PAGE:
The Basics of Property Division in Michigan Divorces

30 / August 2016


Couples typically start amassing property very early in a relationship, and this accumulation increases dramatically as soon as a couple gets engaged and begins planning the wedding in earnest. At this point, they start to receive gifts from friends and relatives, in addition to their own purchases, toward helping the couple build a household together. Once married, joint purchases tend to get larger as houses and cars are added to the mix in relation to career advancement and the birth of children. In fact, it may be hard to remember what property either spouse owned before marriage, but this issue becomes very important if spouses decide to divorce. Property division can quickly become a contentious issue in divorce cases as each side often feels their contribution to the household should entitle them to a larger share. Ideally, divorcing spouses can decide how to divide their property in a private settlement agreement, but if such an agreement is not possible, a court will allocate the property according to the rules established under Michigan law. An overview of how courts decide this issue in divorce cases will follow below.

Standard for Property Division

Property division in Michigan divorce cases starts from the premise the couple’s marital property should be divided equitably. While this can lead to an equal division of marital property, the driving force behind the court’s decision is what would be a fair division in this particular marriage. If one spouse is more at fault for the breakdown of the marriage, or one spouse needs additional support to maintain an acceptable standard of living, one spouse may receive a lesser or greater share of the assets when necessary. Marital debt is also divided during divorce, but it is important to note that third party creditors are not bound by a divorce judgment and may still go after a person for payment of a debt that was assumed by the other spouse if he/she is named on it. However, if a spouse takes on debt, he/she usually gets to keep the property associated with it.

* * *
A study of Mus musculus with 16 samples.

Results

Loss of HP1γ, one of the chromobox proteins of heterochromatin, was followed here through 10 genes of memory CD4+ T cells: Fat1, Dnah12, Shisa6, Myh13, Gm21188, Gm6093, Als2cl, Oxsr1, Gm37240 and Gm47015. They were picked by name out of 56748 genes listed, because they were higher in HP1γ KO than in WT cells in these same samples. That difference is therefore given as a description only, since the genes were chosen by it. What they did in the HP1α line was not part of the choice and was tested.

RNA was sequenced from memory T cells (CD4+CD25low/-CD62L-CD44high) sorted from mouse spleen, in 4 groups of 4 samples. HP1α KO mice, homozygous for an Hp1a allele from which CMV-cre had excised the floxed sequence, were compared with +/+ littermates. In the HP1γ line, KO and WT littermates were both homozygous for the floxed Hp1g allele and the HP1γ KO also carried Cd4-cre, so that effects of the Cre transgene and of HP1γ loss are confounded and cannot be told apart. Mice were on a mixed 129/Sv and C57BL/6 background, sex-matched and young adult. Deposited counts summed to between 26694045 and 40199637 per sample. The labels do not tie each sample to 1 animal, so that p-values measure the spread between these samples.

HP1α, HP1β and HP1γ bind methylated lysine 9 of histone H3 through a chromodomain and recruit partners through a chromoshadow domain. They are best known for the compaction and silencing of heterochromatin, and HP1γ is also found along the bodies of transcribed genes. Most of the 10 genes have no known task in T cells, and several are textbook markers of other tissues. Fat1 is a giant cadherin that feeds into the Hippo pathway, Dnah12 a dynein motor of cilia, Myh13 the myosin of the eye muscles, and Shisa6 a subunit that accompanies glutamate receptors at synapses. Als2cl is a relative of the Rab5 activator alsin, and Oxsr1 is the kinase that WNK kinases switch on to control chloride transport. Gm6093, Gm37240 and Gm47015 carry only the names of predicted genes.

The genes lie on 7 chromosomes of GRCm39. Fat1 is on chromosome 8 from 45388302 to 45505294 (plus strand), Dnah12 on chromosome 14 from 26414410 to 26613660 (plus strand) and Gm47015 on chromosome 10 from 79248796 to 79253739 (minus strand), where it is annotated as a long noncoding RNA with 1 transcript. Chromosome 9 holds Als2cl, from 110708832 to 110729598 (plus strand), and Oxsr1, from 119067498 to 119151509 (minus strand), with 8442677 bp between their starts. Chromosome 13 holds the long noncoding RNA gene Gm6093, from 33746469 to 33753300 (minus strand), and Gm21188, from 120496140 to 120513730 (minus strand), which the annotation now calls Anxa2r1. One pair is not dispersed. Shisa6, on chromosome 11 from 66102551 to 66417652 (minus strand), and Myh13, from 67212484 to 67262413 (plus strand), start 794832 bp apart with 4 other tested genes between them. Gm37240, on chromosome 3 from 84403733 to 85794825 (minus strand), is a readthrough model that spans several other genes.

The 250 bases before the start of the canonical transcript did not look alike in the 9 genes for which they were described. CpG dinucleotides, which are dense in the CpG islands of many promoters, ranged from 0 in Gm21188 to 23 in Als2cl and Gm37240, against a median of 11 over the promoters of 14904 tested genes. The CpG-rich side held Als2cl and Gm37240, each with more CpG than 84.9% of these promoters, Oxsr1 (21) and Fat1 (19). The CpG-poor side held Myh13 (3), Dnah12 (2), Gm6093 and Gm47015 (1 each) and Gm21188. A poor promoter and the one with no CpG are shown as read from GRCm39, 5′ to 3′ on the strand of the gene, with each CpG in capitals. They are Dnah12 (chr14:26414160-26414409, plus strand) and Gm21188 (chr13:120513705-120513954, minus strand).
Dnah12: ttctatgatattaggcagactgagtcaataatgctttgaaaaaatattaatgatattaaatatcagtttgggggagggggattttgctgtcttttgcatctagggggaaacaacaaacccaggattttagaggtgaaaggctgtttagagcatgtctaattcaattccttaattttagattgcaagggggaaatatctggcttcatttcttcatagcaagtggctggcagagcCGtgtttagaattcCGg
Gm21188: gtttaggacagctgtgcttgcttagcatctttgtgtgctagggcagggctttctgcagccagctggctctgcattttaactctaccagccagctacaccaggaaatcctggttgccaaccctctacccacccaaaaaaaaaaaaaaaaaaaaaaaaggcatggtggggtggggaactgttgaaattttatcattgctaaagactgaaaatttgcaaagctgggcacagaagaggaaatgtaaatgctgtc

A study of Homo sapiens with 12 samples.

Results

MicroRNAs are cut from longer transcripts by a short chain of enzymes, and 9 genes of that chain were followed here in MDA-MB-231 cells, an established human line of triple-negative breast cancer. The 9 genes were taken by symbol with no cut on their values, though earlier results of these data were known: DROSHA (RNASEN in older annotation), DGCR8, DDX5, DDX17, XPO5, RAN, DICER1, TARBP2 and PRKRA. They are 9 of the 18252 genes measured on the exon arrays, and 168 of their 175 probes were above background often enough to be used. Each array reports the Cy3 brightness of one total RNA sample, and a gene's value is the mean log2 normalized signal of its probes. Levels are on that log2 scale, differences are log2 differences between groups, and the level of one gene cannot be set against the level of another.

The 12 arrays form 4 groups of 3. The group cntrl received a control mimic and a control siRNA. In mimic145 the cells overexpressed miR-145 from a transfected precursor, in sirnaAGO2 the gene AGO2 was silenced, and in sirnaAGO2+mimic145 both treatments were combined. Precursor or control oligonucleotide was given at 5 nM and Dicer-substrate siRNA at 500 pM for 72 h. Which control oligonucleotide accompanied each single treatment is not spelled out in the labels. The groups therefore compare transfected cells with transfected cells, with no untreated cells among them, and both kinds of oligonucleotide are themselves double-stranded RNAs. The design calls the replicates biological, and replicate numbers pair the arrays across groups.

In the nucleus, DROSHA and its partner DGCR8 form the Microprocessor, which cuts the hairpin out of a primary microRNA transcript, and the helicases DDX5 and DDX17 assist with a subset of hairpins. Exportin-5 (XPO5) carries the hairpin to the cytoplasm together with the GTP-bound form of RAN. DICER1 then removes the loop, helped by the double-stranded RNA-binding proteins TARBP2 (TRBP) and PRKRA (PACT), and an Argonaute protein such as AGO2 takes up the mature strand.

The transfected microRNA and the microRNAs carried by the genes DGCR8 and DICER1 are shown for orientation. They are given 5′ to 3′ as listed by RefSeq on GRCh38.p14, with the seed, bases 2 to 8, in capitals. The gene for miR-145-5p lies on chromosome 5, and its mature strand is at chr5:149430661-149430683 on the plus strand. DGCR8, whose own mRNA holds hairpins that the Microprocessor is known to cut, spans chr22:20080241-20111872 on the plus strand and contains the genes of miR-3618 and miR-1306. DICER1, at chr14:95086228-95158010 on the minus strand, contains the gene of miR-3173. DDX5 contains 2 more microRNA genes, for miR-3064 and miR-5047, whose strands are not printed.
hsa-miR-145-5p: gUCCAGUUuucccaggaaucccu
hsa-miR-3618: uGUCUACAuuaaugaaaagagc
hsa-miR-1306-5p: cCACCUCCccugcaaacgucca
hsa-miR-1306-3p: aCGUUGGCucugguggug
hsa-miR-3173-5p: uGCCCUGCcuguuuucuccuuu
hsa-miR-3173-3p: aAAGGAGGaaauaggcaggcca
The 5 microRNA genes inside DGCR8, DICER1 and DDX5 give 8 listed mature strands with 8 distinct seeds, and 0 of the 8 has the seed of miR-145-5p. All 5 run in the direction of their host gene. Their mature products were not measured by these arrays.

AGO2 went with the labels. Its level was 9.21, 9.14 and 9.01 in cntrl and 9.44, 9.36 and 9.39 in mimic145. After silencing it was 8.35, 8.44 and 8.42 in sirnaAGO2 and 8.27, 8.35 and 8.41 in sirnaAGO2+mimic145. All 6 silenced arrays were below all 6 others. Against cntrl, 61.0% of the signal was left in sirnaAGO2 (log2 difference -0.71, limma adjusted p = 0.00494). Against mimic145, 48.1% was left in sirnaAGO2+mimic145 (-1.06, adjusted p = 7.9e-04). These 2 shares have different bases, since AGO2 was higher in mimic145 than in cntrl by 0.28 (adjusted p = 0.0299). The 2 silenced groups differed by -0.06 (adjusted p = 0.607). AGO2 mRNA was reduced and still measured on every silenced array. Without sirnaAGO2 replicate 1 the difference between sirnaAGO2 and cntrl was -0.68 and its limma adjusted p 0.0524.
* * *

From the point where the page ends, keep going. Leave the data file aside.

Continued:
When courts try to determine what would an equitable division of property, they look to a number of factors, including:

  • how long the couple was married;
  • the standard of living and financial resources of each party;
  • how the property was acquired and who paid for it;
  • past behavior of the parties, i.e., did one spouse acquire the bulk of the debt;
  • the children’s needs; and
  • the ages of the parties.

What Is Marital Property?

One of the central issues to any decision on property division relates to what qualifies as marital property. Anything acquired after the date of the marriage up until the date of the divorce decree is assumed to marital property and subject to division. Thus, anything owned before the marriage, even during the time a couple lived together, does not qualify as marital property. Additionally, inheritances given to a single spouse that is kept separate from marital property is not subject to division. However, separately owned property can become marital in part if any appreciation or increase in value came from the efforts or financial contribution of the other spouse. Further, if separate property is placed in joint account or routinely used for marital purposes, it could be considered marital.

Talk to a Divorce Attorney

Property division is a key issue in divorce, and it is important to receive an accurate valuation of what a couple’s marital estate may be worth. An experienced divorce lawyer will know how best to evaluate an asset’s worth and use this information to get a fair division of assets. The Clinton Township law firm of Iafrate & Salassa, P.C. works with clients to understand and execute their goals for property division, and they can help you. Contact us for a free consultation.